Rusty Rush: Back to the basics in 2024

A man with a clenched fist holding a microphone in front of a banner.

Rusty Rush says 2023 surprised him. 

"I'm a little baffled by what happened this past year, [in truck sales]," said Rush, president, chairman and CEO of Rush Enterprises at the 2023 Rush Tech Skills Rodeo in San Antonio. He and Rush Enterprises' Chief of Operations Michael J. McRoberts talked about the year that was and one that will be. 

[RELATED: Class 8 truck orders see large jump in November 2023]

The pair said there should've been a recession, but there wasn't. They don't expect that to be the case in 2024. 

Rush says he predicts a 20% pullback in 2024 as smaller carriers leave the market and bigger fleets clear out order backlogs. Which means it's going to be more competitive than dealers have been used to the last couple of years, when buyers flush with pandemic cash were lined up at the door. 

Nowadays buyers are more leveraged and interest rates are higher. Spot rates, too, are "bouncing along the bottom," Rush says. 

"I worry we've forgotten how to go to market myself," Rush says. "You going to have to make sure your sales force is tuned up." 

The good news is that supply chain issues have eased, with McRoberts calling any lingering supply chain pain points as minor compared to COVID problems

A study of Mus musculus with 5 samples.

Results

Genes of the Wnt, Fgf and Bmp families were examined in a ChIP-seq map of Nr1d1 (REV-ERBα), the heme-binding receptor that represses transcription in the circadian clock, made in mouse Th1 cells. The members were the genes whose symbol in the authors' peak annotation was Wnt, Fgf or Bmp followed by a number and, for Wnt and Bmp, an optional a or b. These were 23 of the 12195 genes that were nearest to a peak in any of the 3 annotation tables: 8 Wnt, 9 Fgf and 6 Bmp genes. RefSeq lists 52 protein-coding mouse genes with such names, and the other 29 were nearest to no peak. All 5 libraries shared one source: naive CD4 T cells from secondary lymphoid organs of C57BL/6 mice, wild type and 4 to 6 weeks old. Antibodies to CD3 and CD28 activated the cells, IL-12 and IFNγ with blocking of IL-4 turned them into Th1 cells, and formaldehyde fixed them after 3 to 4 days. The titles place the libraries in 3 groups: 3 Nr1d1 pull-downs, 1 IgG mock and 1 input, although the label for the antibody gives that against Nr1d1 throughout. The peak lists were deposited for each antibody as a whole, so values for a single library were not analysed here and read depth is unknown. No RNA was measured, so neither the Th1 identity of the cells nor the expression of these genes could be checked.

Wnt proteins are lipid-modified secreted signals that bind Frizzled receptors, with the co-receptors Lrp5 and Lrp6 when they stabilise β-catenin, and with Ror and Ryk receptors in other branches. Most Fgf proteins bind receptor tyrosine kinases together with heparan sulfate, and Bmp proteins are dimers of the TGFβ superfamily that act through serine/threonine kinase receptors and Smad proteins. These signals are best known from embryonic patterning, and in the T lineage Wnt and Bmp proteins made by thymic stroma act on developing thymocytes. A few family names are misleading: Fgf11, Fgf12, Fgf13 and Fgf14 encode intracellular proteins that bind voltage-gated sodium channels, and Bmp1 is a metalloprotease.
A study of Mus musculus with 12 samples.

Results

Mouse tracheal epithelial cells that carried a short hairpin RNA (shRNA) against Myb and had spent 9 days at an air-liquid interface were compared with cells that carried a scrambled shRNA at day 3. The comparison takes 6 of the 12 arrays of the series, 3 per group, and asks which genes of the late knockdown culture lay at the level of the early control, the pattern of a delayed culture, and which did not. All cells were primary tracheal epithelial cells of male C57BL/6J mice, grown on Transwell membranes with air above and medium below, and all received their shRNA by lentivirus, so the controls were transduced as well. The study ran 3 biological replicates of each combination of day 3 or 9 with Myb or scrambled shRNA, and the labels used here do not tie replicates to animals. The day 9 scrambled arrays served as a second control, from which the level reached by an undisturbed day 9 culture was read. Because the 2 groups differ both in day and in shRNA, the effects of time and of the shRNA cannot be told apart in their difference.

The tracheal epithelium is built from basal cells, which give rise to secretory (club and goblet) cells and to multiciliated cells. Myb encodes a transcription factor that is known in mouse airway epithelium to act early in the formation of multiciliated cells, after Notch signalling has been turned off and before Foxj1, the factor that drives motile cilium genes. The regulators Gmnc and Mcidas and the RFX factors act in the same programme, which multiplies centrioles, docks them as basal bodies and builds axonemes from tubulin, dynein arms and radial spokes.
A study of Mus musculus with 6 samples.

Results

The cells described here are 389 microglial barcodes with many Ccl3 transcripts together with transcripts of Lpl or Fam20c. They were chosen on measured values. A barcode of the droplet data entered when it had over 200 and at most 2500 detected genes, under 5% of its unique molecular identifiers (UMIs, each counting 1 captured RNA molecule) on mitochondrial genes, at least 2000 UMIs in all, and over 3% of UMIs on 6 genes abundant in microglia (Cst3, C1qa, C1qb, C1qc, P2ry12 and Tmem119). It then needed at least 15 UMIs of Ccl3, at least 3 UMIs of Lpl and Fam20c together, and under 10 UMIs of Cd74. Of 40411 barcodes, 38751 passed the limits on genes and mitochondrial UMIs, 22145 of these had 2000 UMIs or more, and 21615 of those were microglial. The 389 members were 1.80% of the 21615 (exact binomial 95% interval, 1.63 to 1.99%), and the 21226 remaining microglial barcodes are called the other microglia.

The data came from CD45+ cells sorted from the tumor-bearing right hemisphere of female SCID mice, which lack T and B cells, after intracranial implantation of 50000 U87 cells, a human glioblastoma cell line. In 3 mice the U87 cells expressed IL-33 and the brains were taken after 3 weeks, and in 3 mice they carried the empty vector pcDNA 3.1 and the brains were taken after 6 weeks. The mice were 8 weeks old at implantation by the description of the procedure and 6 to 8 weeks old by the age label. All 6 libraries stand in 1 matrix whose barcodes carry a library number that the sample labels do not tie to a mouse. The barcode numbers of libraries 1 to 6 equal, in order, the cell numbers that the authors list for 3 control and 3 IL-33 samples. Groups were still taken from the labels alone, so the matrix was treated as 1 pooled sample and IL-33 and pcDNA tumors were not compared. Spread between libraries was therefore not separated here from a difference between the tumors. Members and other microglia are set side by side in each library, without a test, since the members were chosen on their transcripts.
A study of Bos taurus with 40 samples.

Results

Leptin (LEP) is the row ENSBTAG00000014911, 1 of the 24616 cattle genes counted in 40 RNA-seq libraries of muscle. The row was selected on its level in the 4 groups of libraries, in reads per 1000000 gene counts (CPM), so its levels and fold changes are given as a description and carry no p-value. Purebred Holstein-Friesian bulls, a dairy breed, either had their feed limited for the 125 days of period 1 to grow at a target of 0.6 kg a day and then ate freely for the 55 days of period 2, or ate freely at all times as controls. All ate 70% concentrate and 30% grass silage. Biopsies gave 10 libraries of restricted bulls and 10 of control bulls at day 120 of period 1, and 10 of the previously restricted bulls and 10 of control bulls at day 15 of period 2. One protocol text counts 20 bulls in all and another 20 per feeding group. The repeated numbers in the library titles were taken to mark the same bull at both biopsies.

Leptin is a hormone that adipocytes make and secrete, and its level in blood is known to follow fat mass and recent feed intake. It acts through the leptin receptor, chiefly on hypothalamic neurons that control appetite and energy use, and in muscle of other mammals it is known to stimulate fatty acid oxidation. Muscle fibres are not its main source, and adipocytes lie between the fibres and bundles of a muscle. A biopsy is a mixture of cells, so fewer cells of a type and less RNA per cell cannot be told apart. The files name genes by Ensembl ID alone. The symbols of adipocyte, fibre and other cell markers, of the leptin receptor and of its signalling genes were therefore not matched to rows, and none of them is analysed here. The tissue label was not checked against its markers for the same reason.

Rush says 2024 will be a soft year for parts, anyway, with most suppliers expecting a flat year. 

"If we see single-digit growth, we'll be happy," Rush says. 

Instead, Rush's dealer network will focus on a holistic sales and service environment with a focus on on-time performance for delivery and an increase in parts fill rate. 

Rush says the 2024 downturn may see a wave of mergers and acquisitions, especially as older dealership owners turn their thoughts to retirement. Rush itself is starting to feel the pinch of being so large in terms of distribution, but does still see some room for growth. The OEMs still want to consolidate, he says, preferring large, well-capitalized dealers over small, under-capitalized outlets. 

"It makes us better, too," Rush says. "A strong brand has strong dealer groups." 

Beyond the economy, Rush and McRoberts see telematics and prescriptive maintenance as the next way for Rush to capitalize in the near future. Alternative powertrains are still farther off. 

"We've got a grid to fix, folks," Rush says about electric trucks. "The dollars just don't play out right." 

Alternative fuels have their place, Rush stressed, but its still years from taking over the marketplace. Rush is putting its money behind natural gas still, Rush and McRoberts say, as well as pushing their predictive maintenance and telematics services.